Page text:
Arsene Wenger is Arsenal's longest-serving and most successful manager, but the club had plenty of great leaders before him.
The men on this list took charge of Arsenal during different eras and all brought different things to the Gunners.
Success was one thing they all had in common despite their separate approaches and they all played a major part in getting Arsenal to where it is today.
Here are the five best managers in Arsenal history.
Harry Bradshaw was Arsenal's first successful manager.
After joining the club from Burnley in 1899, Bradshaw eventually led Woolwich Arsenal to promotion from the Second Division.
Why Bradshaw's impact is always overlooked cannot be answered, but he set them on the path to success.
George Allison is Arsenal's second longest-serving manager having taken charge of the club from 1934 to 1947.
Allison inherited Herbert Chapman's team the summer after his death and was helped on the training ground by both Joe Shaw and Tom Whittaker.
Allison did win two league titles and an FA Cup, but didn't add anything different to Arsenal in his tenure.
Tom Whittaker and George Allison had eerily similar managerial triumphs with the Gunners.
Whittaker gets the nod into the top five because he oversaw more games with more success and didn't inherit Herbert Chapman's team.
A former Arsenal player, Whittaker took over from Allison and won the league title in his first season.
Before his time at the club was up, he also picked up another league title as well as an FA Cup trophy.
Bertie Mee brought Arsenal their first taste of European glory with an Inter Cities Fairs Cup victory over Belgian side Anderlecht.
He also led the club to a First Division title and an FA Cup title in the same year and in doing so became the first manager to lead the club to a "Double."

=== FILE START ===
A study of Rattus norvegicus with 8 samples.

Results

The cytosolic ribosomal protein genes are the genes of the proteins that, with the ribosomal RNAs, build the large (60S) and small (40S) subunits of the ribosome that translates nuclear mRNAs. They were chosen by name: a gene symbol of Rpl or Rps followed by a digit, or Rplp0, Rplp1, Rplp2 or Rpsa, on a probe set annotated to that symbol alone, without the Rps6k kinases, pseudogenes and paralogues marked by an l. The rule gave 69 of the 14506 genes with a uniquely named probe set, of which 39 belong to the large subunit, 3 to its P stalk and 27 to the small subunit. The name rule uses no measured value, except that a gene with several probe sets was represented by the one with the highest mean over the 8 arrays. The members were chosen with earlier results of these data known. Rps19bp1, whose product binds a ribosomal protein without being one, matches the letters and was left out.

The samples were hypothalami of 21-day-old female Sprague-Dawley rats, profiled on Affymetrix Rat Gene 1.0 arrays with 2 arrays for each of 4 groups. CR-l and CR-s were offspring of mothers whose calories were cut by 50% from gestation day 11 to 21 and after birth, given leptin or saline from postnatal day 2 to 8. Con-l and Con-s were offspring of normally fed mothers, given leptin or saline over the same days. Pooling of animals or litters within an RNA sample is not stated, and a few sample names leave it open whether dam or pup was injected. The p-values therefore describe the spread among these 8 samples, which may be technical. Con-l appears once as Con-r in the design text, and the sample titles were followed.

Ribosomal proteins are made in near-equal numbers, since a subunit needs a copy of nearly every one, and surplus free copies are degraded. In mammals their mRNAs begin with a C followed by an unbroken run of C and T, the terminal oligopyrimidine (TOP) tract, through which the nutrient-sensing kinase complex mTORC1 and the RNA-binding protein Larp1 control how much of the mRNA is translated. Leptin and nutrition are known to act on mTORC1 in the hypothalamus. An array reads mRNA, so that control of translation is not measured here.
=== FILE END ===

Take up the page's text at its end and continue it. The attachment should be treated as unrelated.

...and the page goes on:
The Gunners didn't challenge for silverware regularly during Mee's era, but he did bring one piece of significant silverware that no other manager has matched.
George Graham played for Arsenal during the Bertie Mee era and picked up plenty of silverware during his tenure.
He returned to the club as a manager in 1986 and continued his success while leading from the bench.
Graham led the club to two First Division titles, one FA Cup, two League Cups and one UEFA Cup Winners' Cup during his time in charge.
He signed key players such as Ian Wright and David Seaman during his time at the club and fashioned a side known for its defensive solidity.
Herbert Chapman always comes to mind when you think of Arsenal's best managers.
The W-M, counter-attacking football and trophies were major parts of the Chapman era.
The former Huddersfield Town manager made some great signings for players such as Charlie Buchan, Alex James and Cliff Bastin.
While continuing to hone the team's style of play, Chapman led the club to two First Division titles and one FA Cup title.
The attacking style of play is something still common in Arsenal's squad today and Chapman was influential off the pitch as well.
Some of his innovations include changing the Gunner's jersey to the red body and white sleeve so common today and influencing the introduction of Arsenal as an underground station stop (via Arsenal.com).
It was a close run between Arsene Wenger and Herbert Chapman, but the Frenchman gets the nod here.
Despite his current predicament with Arsenal, Wenger is still the club's greatest manager.
His longevity, his trophy haul and the implementation of the youth program as well as the club's style of play set him apart.
Wenger has led the club to seven trophies, four FA Cups and three League titles, and was extremely close to European glory on two occasions.
During the 2003-04 season, he guided the side to a League title and an unbeaten season.
He also created superstars such as Patrick Vieira, Thierry Henry and Cesc Fabregas, and oversaw the move to a new stadium.
It's fair to say that Wenger helped raise the club's stature considerably with all his success early on.